As frightening as it sounds, the court can give permission to a creditor to take money out of your paycheck before your hard-earned money even reaches your bank account.  Just as the law requires your employer to withhold certain amounts of money from your paycheck for taxes, a garnishment order requires your employer to send a percentage off your post-tax income, also known as your disposable income, to a creditor out of each paycheck until you have repaid the amount that you owe to the creditor.  Taking money out of your paycheck and sending it directly to a creditor is known by euphemisms such as wage garnishment and wage attachment.  The good news is that there are limits to the amount and percentage that the creditor can garnish from each paycheck, and in some circumstances, they cannot garnish any money at all.  To find out more about whether you are exempt from wage garnishment, contact a Plantation wage garnishment lawyer.

What Is a Head of Family?

According to Florida Statute 222.11, a head of family whose earnings are $500 per week or less is exempt from wage garnishment.  If you are a head of family and you earn more than $500 per week, the amount garnished is calculated based only on the amount you earn in excess of $500.  That means that, if your income is $700 per week, creditors can only garnish a percentage of $200.

A head of family, in this context, is someone who provides 50 percent or more of the financial support for a dependent.  The following people count as dependents:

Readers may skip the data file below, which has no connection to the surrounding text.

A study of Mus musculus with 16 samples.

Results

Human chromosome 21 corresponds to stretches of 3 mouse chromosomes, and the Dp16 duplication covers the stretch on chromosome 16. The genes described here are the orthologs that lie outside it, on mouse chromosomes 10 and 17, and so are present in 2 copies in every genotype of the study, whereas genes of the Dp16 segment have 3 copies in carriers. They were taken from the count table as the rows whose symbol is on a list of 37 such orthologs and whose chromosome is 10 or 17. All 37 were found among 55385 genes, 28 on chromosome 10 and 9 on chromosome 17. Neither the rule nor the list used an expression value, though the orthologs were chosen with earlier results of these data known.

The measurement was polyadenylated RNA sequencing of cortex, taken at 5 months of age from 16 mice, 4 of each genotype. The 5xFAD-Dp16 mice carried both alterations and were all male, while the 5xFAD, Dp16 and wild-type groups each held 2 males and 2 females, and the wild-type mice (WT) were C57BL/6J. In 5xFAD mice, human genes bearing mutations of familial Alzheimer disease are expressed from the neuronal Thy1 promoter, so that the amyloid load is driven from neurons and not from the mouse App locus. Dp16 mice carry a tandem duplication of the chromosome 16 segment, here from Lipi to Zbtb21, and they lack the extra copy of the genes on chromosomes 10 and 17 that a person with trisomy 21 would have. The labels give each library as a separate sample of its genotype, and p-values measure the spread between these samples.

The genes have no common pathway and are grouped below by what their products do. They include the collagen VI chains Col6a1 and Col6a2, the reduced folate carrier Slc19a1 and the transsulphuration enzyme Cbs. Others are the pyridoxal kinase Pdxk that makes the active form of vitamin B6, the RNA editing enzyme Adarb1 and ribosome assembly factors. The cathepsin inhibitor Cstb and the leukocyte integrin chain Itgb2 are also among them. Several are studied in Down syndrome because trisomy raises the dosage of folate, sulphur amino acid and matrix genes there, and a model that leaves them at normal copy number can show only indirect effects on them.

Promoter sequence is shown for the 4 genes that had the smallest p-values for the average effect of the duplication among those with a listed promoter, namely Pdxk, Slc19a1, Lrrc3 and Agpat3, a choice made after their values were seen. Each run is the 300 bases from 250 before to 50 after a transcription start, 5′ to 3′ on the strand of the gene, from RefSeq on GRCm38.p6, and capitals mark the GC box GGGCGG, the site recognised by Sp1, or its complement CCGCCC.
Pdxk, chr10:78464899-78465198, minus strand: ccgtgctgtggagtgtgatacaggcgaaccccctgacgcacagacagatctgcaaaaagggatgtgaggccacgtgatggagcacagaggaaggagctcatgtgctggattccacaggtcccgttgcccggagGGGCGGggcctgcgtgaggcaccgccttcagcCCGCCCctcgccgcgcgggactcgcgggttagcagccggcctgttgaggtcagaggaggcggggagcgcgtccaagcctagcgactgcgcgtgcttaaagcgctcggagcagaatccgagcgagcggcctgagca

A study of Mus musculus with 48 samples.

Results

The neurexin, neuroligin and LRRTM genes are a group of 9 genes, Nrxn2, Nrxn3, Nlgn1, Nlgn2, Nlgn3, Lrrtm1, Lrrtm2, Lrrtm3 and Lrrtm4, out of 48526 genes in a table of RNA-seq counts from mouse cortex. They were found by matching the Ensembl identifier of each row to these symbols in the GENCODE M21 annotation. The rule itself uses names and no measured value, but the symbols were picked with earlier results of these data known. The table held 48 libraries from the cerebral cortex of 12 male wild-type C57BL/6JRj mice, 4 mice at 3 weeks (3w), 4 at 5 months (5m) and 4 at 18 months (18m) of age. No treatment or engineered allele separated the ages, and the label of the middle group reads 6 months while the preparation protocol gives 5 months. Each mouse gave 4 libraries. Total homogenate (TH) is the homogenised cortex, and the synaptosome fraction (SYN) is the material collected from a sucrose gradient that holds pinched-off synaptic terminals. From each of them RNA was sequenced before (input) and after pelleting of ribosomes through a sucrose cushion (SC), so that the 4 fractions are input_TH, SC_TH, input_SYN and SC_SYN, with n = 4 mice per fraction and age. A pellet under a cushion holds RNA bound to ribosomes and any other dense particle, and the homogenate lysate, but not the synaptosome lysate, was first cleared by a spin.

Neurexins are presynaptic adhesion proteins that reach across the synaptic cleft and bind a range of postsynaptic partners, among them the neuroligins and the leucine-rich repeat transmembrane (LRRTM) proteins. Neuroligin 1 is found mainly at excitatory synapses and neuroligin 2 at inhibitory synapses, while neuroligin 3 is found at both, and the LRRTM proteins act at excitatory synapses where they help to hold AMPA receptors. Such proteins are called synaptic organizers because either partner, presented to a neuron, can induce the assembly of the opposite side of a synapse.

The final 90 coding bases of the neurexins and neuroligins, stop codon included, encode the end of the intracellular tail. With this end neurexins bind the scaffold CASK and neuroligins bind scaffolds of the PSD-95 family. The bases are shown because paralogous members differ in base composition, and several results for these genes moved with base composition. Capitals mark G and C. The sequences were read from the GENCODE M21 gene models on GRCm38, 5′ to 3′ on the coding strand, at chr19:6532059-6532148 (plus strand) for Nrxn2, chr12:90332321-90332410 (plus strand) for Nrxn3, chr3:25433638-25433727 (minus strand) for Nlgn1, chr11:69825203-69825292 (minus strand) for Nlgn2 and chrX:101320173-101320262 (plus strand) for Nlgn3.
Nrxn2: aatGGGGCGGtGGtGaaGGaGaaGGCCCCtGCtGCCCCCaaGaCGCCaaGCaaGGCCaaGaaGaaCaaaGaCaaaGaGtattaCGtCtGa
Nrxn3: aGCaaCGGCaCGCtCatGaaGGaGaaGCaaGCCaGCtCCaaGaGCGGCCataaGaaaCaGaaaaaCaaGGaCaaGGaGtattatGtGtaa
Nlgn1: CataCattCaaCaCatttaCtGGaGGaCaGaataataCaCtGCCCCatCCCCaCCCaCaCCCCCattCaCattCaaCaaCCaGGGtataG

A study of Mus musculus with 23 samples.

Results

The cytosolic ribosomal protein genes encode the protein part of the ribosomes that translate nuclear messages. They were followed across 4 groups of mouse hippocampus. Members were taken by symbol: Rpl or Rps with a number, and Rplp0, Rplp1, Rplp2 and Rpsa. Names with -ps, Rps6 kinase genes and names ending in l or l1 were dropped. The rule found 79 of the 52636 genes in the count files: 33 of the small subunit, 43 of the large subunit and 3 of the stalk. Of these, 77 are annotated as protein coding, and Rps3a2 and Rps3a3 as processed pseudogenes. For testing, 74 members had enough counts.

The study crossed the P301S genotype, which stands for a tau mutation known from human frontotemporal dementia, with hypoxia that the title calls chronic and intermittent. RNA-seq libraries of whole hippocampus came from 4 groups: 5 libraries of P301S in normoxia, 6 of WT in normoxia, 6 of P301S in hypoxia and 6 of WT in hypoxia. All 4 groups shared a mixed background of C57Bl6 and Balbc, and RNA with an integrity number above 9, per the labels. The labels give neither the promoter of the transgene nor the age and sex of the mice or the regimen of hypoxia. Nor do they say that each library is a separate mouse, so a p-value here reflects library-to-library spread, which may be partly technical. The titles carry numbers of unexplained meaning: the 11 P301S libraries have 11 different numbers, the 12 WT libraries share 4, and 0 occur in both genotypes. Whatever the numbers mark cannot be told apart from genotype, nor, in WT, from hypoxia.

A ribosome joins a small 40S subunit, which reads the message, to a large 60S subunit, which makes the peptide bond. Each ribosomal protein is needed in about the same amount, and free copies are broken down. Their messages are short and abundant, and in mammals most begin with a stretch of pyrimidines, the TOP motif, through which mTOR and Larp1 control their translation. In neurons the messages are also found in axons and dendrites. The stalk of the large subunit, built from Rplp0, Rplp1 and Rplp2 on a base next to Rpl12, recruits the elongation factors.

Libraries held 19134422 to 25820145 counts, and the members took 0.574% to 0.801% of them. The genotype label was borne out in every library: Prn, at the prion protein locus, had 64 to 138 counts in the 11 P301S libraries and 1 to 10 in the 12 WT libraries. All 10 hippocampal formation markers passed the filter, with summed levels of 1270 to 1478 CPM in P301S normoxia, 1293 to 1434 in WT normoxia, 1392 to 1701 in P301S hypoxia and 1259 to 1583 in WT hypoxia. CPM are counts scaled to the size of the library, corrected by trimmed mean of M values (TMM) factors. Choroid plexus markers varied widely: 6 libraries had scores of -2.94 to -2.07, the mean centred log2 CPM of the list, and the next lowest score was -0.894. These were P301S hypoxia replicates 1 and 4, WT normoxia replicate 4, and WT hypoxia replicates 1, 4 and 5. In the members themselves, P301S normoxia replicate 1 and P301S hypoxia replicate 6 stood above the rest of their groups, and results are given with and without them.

• A minor child
  • A spouse with little or no income
  • A former spouse whose main source of support is alimony from you
  • An elderly parent, aunt, uncle, or grandparent who lives with you and depends on you financially

Appeals Court Judges Disagree About Whether Borrower Waived the Head of Family Exemption

Richard signed a promissory note when he borrowed $43,000 from the bank in 2007.  The promissory note contained a provision in which Richard consented to the bank seeking a writ of garnishment if he were to default on the loan.  By the time Richard defaulted on the loan, he owed the bank more than $51,000; the reason the amount he owed was more than the original principal amount was that it also included interest and late fees.

When the bank tried to garnish Richard’s earnings, Richard objected, claiming that he should be exempt from garnishment because he was a head of family.  The appeals court’s decision did not indicate Richard’s income or which family member depended on him financially.  The appeals court judges did not even reach a consensus on whether Richard was entitled to the exemption, since the promissory note did not refer to the statute about exemptions from garnishment.

Creditors Cannot Get in the Way of Your Right and Obligation to Support Your Dependents

A wage garnishment lawyer can help you stop creditors from encroaching on the earned income you use to support your family.  Contact Nowack & Olson, PLLC in Plantation, Florida to discuss your case.